By 2015, having already become a regional veteran, G Herbo’s travels outside of Chicago and his comfort zone felt natural and necessary, eventually leading to work with Atlanta producers like 808 Mafia’s Southside and Metro Boomin. As the story goes, the former of the two literally had to force Herbo to make “Rollin,” an underground hit that unlocked a whole new audience of festival-goers for the rising star. Since then, scattered collabs, such as “100 Days, 100 Nights,” or “Eastside Story,” became the highlights of their respective tapes as the two artists continued to connect with increasing frequency.
Swervo marks the duo’s first official collaboration. It’s a melding of minds that sees each artist actively attempting to elevate the other’s craft. Southside, who is often a victim of his own work ethic, comes through with a versatile arrangement of beats. The most unique of which (“Swervo”; “FoReal”; “Huh”; “Letter”) sometimes readily fighting with G Herbo’s wordy delivery, tripping him up and forcing him to recalibrate. On “FoReal,” Herbo even teases, “Damn, Sizzle, it’s hard for me to rap on these raw ass beats,” before dropping the humble facade in order to take off like a Learjet. On that same song, Herbo eulogizes close friends Capo and Kobe, while simultaneously claiming that “Lil Herb” is back. It’s a pointed message for his core fans: Swervo doesn’t mark a new era, it marks the resurgence of his early hunger.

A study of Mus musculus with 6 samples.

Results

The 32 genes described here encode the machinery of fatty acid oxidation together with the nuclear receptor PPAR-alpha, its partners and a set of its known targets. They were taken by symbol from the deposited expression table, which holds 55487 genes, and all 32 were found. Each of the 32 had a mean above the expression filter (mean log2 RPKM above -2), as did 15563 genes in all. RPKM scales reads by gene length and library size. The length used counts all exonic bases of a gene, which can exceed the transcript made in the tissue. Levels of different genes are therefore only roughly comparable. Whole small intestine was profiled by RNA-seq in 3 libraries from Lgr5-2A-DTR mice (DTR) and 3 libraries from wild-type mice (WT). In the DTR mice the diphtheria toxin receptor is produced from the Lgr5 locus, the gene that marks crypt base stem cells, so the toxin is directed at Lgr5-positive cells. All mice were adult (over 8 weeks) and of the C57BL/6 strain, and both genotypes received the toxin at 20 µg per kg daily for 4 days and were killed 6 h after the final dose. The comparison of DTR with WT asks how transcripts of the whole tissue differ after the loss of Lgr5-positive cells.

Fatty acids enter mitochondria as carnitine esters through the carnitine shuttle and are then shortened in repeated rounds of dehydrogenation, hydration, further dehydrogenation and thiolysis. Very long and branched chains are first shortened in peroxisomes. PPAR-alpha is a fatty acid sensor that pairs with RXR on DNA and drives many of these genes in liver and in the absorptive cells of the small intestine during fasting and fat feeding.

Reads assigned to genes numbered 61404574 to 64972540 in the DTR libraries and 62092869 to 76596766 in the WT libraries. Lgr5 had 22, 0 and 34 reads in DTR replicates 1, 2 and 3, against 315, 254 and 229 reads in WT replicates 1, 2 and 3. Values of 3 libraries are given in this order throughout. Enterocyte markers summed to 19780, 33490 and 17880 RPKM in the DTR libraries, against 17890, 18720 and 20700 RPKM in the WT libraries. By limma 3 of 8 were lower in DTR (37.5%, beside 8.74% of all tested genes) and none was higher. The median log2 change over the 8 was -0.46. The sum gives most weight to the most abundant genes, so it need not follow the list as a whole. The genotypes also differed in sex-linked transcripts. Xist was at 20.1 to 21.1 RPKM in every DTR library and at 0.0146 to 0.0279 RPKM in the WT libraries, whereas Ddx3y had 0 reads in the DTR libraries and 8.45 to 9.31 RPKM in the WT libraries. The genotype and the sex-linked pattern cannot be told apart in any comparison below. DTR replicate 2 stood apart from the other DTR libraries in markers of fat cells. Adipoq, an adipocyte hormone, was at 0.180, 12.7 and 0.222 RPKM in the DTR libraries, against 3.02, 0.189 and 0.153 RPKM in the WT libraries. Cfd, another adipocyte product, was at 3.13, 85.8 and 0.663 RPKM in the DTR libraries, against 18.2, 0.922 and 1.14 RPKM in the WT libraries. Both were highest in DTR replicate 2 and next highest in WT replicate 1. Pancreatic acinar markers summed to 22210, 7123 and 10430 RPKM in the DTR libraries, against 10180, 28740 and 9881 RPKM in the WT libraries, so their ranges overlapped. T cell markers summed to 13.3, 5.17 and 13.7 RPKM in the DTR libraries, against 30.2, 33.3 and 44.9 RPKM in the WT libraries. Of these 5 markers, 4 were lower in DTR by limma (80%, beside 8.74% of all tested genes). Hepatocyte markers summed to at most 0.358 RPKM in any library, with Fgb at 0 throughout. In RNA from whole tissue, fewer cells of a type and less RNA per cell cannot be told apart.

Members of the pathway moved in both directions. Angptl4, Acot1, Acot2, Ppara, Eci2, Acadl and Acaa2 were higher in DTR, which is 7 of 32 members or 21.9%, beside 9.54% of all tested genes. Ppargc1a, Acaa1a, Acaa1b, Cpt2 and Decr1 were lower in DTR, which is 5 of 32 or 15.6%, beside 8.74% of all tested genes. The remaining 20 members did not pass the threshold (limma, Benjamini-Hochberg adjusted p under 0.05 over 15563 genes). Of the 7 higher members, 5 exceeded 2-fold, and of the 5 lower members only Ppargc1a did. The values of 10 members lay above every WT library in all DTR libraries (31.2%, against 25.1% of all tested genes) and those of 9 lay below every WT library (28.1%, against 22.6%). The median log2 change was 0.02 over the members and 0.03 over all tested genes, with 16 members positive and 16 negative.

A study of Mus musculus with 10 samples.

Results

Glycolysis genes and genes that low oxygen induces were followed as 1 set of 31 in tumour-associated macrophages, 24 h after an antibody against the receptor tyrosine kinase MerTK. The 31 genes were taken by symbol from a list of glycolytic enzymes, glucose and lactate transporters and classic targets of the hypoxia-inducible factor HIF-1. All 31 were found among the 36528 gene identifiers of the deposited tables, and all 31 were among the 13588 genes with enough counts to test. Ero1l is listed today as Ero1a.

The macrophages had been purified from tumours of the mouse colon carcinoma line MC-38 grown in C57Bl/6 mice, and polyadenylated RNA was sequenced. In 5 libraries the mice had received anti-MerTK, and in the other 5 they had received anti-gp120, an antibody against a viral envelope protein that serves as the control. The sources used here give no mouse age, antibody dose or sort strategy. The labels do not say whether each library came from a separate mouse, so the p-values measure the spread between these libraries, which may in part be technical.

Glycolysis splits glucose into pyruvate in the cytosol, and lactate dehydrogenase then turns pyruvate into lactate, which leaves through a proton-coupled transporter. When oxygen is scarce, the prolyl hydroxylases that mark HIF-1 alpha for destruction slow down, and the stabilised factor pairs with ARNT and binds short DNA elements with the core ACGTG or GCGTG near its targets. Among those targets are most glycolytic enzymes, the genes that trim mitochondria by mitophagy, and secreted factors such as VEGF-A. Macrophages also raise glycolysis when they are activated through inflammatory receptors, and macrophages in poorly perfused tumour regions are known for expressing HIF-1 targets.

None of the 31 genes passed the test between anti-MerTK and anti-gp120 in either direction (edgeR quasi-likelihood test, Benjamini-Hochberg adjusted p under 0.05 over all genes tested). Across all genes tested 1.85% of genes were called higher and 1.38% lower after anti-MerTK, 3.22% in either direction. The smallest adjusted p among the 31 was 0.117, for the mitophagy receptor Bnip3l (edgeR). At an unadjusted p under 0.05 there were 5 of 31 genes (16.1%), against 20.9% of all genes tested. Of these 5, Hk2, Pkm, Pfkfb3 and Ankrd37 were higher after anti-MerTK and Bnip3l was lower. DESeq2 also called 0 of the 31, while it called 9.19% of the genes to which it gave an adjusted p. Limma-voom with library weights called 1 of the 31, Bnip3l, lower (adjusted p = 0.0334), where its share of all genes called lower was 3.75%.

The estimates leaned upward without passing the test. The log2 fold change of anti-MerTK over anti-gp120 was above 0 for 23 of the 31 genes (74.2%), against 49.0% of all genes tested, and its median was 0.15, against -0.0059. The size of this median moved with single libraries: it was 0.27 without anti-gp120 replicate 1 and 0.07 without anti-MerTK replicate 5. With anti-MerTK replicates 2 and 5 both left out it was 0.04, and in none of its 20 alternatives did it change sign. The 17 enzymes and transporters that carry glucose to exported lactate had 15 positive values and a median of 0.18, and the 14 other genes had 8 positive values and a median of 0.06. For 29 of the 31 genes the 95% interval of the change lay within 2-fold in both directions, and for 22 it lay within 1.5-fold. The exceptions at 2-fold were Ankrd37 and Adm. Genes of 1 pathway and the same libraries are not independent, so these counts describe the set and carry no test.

When Herbo is in his bag, his off-kilter assault is hard to disparage. “Bonjour” is one such clinic that runs through half a dozen flows, expertly utilizing a stream of conscious delivery to toy with the song’s pacing. Although the song is ostensibly about driving foreigns, the cynicism in Herbo’s voice as he delivers these final two lines is inescapable: “Long live that nigga Zack TV, heard he had a daughter/The police here ain’t solving murders, this ain’t Law & Order.”
Unlike his debut, Herbo’s content on Swervo is more compartmentalized; a majority of the tracks here are strictly meant for the young man to vent and talk his CEO boss shit. Where last year’s Humble Beast presented a stark look at survivor’s guilt, Swervo mainly attempts to represent the flipside – leaving Herbo free to finally revel in success. However, the album is at its most effective when the celebration is tempered by Herbo’s astute take on his own vices. On the anxious “Huh,” Herbo repurposes Juvenile’s classic flow in order to highlight his inability to let even the most mundane of disses roll off his shoulder. On “Letter,” a ballad dedicated to his newborn son, we get to hear the new father promise to break a cycle of physical discipline while also taking accountability for his persistent drug use.
Southside, a documented rapper in his own right, only shows up to fill out the hook for “Pac n Dre.” Had he been given more room to rap throughout the project, maybe Herbo’s lack of substance would’ve been less glaring. As it stands, this album plays more like a carefully constructed mixtape and less like G Herbo’s official sophomore effort. As a body of work, it is nowhere near as essential as Herbo’s debut or his stellar mixtapes Welcome 2 Fazoland and Ballin Like Kobe. At the very least, however, Swervo makes a case for the duo’s developing chemistry.